Synonymous with international banking, Zurich (Zürich or, more familiarly, Züri) has a financial and cultural importance that belies its modest size. Although the largest city in Switzerland, Zurich aptly promotes itself as the “little big city” and has a historic centre compact enough to be explored on foot.

Zurich is located at the centre of the Zurich canton, on Switzerland’s central plain, with the elevation rising towards the south and the Alps. Positioned at the northern tip of the Zürichsee (Lake Zurich), lakeside promenades and expensive houses are prominent and can be spotted along both shores. But the city’s most familiar sites are, without a doubt, the Fraumünster and Grossmünster minsters, which solemnly face each other across the River Limmat. The Old Town spans this river, and some of the most interesting lanes and buildings are clustered along its banks. The nearby Lindenhof was once the site of a Roman customs post and is a good vantage point. Surrounding the Old Town, the Kreis (districts) of Zurich are arranged clockwise around the city centre, with the numbers corresponding to the last digit in the postcode. In summer the view of the city is beautiful, with the lake reflecting the mountains and clear blue sky. But the winter snowfalls bring a magic of their own.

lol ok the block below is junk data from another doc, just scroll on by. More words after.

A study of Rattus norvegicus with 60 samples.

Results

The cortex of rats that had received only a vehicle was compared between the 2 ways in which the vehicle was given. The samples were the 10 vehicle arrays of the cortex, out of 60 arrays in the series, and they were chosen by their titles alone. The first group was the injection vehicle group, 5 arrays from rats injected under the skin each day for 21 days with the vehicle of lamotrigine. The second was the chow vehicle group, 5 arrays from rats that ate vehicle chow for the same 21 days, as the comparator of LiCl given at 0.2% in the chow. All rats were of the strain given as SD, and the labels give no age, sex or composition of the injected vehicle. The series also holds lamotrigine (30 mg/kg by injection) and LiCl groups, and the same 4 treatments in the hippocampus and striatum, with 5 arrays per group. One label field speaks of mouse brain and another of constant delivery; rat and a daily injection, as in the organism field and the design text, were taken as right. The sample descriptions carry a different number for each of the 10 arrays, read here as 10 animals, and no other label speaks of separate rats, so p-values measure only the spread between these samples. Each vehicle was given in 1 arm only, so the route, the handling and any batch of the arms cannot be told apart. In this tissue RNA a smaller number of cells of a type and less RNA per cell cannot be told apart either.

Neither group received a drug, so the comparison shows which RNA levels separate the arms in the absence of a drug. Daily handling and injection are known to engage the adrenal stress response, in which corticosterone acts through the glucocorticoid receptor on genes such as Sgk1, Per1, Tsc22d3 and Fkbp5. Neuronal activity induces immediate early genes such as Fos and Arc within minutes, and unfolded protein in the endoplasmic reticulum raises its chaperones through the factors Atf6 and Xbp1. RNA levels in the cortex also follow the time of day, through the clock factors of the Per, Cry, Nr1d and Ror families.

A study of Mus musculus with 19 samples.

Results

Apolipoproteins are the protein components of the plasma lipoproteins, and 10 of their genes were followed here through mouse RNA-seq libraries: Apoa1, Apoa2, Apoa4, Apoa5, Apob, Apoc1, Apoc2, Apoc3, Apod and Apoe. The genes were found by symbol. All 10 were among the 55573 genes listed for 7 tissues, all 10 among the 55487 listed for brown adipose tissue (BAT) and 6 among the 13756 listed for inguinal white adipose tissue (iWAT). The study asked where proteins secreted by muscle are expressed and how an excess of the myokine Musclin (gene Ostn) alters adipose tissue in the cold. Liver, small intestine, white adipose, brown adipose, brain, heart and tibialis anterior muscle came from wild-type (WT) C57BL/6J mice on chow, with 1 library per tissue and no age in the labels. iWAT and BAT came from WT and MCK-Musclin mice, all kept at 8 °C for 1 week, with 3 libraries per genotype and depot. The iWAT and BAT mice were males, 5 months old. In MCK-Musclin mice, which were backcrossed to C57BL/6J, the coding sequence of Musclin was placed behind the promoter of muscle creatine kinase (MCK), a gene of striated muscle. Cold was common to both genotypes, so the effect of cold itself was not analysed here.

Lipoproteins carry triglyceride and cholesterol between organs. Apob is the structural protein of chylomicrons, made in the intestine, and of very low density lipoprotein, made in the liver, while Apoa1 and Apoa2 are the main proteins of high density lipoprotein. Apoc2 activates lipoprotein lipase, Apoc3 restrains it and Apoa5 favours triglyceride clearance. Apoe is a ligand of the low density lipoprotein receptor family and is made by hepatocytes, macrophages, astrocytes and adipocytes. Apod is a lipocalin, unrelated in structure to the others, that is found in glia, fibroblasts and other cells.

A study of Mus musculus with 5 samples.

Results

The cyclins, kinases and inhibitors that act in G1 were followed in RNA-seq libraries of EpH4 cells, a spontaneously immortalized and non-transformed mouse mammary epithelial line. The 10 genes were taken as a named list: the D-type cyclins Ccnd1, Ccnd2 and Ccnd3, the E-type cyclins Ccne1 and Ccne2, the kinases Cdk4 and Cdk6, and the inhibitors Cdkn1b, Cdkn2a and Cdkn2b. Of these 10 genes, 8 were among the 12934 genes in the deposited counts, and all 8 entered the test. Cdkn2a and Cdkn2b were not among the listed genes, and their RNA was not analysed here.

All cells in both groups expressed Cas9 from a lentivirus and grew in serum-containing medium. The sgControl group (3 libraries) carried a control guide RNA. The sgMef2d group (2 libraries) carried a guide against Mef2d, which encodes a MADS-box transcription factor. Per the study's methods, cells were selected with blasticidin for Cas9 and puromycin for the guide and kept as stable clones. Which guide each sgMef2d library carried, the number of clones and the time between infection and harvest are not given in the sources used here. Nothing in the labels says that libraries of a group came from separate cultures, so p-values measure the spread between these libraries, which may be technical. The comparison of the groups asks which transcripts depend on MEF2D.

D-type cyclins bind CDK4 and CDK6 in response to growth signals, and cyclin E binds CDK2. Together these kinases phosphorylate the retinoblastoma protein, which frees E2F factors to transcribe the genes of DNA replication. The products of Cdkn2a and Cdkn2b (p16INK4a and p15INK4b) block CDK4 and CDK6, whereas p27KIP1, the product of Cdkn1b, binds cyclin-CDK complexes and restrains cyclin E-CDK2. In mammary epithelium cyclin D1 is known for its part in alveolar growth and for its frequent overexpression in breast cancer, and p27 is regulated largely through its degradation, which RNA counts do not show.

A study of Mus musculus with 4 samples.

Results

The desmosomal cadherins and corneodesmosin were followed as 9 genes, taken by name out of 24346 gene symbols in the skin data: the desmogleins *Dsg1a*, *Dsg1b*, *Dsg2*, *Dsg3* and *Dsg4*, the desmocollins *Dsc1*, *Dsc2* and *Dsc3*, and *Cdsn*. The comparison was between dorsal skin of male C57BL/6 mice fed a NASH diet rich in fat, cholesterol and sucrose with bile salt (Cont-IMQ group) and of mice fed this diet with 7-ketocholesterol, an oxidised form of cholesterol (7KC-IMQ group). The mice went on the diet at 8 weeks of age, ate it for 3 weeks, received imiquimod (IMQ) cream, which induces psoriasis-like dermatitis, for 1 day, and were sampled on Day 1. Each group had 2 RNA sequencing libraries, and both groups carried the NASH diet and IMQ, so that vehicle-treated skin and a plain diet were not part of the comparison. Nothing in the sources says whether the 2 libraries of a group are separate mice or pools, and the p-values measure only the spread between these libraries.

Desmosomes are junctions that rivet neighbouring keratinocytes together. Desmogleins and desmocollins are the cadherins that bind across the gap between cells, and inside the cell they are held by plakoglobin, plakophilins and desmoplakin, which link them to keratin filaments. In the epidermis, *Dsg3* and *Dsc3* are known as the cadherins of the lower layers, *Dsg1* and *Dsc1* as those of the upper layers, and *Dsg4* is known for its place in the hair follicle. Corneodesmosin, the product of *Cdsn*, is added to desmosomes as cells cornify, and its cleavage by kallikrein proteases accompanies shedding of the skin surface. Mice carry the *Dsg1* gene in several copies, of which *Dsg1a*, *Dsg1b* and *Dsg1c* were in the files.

Zurich dates its origins from 15BC, when the Roman customs post of Turicum was founded. By the tenth century, the town had acquired the status of a city. It was at the centre of the Swiss religious Reformation in the 16th century, under the leadership of Huldrych Zwingli. His motto “pray and work” was to have a profound effect on this diligent city, which, by the 19th century, had grown into the commercial and financial centre of Switzerland. The modern Zurich is a city of bankers in a country of banks. This concentration of wealth can most readily be seen along the Bahnhofstrasse, flanked by lime trees. All the major banks have a presence here, notably at the Paradeplatz, where elegant shops and designer boutiques line the street, interspersed with trendy bars and attractive cafés, stretching from the Hauptbahnhof right down to Lake Zurich.

Other riches lie in the city’s excellent universities – Zurich is a powerhouse for research, with public-private partnerships leading to innovations in design and the high-tech area. The excellent infrastructure and delightful atmosphere have ensured Zurich’s role as a major conference and incentive destination. The city also has a strong cultural presence – over 30 museums, art galleries, auction houses, the opera, orchestras and the Schauspielhaus theatre, as well as a number of performance spaces that encourage contemporary artists in all media.

The citizens enjoy a high standard of living, and this is evident in the many fashionable and enjoyable bars, cafés and restaurants that fill the Old Town. The ambience is heightened by the large swathes on either side of the River Limmat that are pedestrian-only areas. But for those who find the comfortable burgher lifestyle a little too tame, there are always alternative places to seek out. This is, after all, the city that saw the birth of the artistic movement of Dadaism – the antithesis of conformity.